Tips for Running a Small Business from a Small Business Owner

Running a small business can be a daunting experience. The sheer range of activities that you do on a daily basis can make it exciting for some and overwhelming for many. When starting my small online shop Literary Book Gifts I was completely in over my head. It took me a while to learn the in’s and out’s of the business to keep things running smoothly.

I would like to share a few tips that I use when running my own business in the hope that it might help others. I am constantly on the hunt for knowledge from other fellow entrepreneurs and have so much to learn myself. Although no two businesses are alike, I hope that sharing my experience may impart some valuable knowledge to someone else, just as the advice of others has helped me in the past.

Figure out what is manageable

I am only one person. For many other handmade shops I see that is also the case. As a single person I only have a limited amount of energy and time during the day and am constantly reminding myself not to take on anything I can’t reasonably manage on my own. The time management starts before a business even opens. If you are trying to figure out what type of products to sell, make sure you are able to produce them in a reasonable time frame. For example, I have been crocheting since Kindergarten ever since a lovely before-school teacher taught me how. But crocheting is something that I am pretty slow at, and it takes me even longer to do a good job. I also enjoy doing paper crafts such as making cards, working with clay, and friendship bracelets. Unfortunately these all take me forever. If a customer ordered any of these types of items from me, it would take me over a month to get it to them. Just because I enjoy doing something doesn’t mean that I should do it as a business. Offering tees and totes such as this J. M. Barrie Peter Pan Tote Bag allows me put time in at the beginning, during the design phase, but less time later. It’s a process that requires image sourcing, remastering, and use of graphics programs which can take me an extensive amount of time per design, but it allows me to get products out in a timely matter after they are ordered.


Do the math

It’s never fun to work out the finer details, especially those related to cost and profit. As a business owner, it is your sole responsibility to make sure you are making a profit. Imagine putting in all the work and effort, thinking you are making money while happy customers buy your products, only to realize later that you have lost money in the process. One should never assume that just because they are buying raw materials and adding value to them, that the money will result positively in their favor. Every product in the economy has a different price and different stores sell to different customer bases. Someone just starting out isn’t going to be able to get the same bulk wholesale price that a large company might, even for the exact same product. I’ve often noticed that some supplies in basic craft shops are more expensive because they are geared towards the hobby crafter audience instead of someone who is looking to turn a profit on the items. These supplies often come with additional material such as instruction booklets, extra items you may not need, and fancier packaging. This is great for hobbies and gifting, but will almost always result in a price mark-up. Don’t forget to include the price of gas from driving to buy supplies or take packages to the post office. If you are selling your products at trade shows or fairs, include the price of the setup, banners, tables, and registration fees. It’s a good idea to keep track of every single purchase and receipt. Include everything from packaging material to website hosting fees. It may seem obvious, but make sure that every hour you spend is going towards making money, and especially not towards losing it.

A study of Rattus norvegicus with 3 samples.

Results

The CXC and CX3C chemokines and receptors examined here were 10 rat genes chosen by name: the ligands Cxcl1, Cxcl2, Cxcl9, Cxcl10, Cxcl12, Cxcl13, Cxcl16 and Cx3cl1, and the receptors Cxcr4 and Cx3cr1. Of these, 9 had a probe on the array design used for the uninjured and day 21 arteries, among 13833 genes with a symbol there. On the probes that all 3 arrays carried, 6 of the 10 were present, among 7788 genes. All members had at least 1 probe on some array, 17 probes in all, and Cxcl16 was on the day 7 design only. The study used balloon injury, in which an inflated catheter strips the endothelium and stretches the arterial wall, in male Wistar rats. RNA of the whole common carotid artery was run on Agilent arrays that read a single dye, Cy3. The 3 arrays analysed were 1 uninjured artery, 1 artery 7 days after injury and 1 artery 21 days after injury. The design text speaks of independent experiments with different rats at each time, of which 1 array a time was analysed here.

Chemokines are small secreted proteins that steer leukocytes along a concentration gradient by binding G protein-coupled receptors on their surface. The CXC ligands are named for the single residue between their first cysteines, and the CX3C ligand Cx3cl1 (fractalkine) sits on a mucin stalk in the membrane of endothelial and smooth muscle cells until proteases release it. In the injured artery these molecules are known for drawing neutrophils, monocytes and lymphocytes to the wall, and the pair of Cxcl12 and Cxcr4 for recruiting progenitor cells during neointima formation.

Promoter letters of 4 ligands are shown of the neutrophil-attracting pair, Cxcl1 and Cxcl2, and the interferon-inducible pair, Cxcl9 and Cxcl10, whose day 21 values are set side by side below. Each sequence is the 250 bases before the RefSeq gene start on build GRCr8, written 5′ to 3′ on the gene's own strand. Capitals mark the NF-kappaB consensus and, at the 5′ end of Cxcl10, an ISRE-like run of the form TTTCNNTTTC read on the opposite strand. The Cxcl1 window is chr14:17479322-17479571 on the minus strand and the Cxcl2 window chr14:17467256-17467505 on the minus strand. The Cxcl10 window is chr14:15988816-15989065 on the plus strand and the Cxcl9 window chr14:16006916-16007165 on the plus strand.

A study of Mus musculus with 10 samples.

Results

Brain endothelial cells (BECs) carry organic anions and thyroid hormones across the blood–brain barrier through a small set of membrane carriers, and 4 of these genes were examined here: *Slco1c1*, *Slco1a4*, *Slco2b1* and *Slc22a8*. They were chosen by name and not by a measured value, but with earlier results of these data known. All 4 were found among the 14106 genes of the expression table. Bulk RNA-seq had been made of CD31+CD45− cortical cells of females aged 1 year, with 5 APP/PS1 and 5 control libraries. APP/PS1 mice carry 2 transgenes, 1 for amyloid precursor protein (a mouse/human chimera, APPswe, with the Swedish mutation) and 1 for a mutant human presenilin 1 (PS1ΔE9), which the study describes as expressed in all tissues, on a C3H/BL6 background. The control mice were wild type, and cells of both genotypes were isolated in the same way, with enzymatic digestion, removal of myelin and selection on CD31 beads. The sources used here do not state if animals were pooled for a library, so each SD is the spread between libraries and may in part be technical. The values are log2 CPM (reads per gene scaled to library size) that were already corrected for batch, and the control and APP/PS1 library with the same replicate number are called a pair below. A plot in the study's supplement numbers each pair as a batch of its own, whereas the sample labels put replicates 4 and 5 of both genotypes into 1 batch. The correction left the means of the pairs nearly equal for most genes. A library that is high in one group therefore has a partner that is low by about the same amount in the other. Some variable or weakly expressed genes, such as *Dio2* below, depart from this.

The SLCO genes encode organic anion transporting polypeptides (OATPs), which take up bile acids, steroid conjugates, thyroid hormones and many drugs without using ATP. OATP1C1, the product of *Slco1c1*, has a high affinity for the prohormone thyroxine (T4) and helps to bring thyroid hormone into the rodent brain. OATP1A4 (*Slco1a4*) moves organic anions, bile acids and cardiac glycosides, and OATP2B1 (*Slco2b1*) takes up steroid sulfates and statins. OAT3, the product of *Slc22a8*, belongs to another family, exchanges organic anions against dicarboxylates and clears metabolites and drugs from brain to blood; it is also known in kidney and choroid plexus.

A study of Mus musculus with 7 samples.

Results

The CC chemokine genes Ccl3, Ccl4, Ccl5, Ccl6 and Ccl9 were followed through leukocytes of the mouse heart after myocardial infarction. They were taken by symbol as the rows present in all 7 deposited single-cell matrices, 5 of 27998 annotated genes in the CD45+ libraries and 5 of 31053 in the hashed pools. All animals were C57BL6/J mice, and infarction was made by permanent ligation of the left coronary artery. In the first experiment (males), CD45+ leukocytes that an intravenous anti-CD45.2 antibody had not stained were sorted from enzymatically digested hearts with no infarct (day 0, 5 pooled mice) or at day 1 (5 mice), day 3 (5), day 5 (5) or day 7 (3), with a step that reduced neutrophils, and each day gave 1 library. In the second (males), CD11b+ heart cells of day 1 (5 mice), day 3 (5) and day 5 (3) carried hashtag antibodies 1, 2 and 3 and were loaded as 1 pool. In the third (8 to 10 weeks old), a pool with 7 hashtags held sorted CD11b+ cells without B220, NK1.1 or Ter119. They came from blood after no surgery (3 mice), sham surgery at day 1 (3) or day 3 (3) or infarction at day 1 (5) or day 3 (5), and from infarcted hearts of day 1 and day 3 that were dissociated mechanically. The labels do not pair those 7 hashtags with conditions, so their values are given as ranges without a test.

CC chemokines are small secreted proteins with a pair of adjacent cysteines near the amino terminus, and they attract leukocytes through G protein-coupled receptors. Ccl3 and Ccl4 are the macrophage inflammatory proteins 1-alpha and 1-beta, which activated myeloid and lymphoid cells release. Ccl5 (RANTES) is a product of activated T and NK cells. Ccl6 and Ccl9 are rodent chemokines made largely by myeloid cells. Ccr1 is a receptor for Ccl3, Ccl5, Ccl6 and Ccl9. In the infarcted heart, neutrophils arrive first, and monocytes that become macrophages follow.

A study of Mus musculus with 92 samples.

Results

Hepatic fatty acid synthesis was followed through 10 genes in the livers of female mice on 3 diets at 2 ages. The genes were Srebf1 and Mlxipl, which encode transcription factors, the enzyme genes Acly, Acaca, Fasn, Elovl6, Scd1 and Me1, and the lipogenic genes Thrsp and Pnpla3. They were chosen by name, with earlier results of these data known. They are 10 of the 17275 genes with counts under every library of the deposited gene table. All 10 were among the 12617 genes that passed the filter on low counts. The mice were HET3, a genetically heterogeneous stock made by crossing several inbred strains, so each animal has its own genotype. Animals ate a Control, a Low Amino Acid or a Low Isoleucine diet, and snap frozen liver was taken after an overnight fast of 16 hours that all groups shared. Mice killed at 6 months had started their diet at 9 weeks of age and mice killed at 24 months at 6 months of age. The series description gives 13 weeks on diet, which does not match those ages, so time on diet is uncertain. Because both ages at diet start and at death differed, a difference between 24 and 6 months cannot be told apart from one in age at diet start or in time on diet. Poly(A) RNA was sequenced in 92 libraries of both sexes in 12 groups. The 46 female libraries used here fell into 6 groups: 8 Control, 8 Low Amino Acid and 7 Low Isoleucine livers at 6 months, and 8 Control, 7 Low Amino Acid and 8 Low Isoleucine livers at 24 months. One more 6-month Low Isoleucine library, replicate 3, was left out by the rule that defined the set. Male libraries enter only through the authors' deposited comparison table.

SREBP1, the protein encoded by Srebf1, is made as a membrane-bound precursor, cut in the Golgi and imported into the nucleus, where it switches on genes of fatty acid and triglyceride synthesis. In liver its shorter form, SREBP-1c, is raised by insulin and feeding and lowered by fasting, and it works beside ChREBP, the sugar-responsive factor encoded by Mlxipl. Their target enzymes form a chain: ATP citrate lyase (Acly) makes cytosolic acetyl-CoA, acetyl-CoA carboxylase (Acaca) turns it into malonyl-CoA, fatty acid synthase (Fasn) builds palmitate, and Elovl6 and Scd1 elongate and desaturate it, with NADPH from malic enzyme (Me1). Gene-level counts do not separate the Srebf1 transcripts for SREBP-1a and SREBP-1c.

Remember, things can take a long time

Forget the stories you see in movies, starting a business is something that should not be taken on lightly. It can take months, if not years of trial and error to streamline your strategies and come to anything that even resembles a daily routine. I love that as a solo person I am able to make my own decisions on what I am able to do everyday, or even every month. Some weeks I can work solely on design, some at attempting to find new customers, and I plan to devote many months making my website a better experience in the future. Putting myself on dedicated projects or activities helps with the fact that there are not sales everyday, or even every week. I have a goal and timeline in my mind about when the business has “worked” or “failed.” But until then, it is best for me to just keep my head down and work as much as possible. I find motivation when I can, and I appreciate the small things. Helping hands from kind bloggers, and compliments from excited customers keep me going. Even if they never end up buying anything, it always bring a smile to my face.

Small business owners are entrepreneurs, and just like start-ups, not all of them succeed. I am happy to have to opportunity to show the world something I have created. If others think it has value, perhaps it will have a place in the economy.

I hope that sharing some tips from my personal experience might help a fellow or prospective small business owner or entrepreneur. Take care and I wish anyone who is in the same position as me the very best of luck!

Written by Melissa Chan, small business owner, hobby crafter, and graphic designer at Literary Book Gifts, gift shop for all things bookish.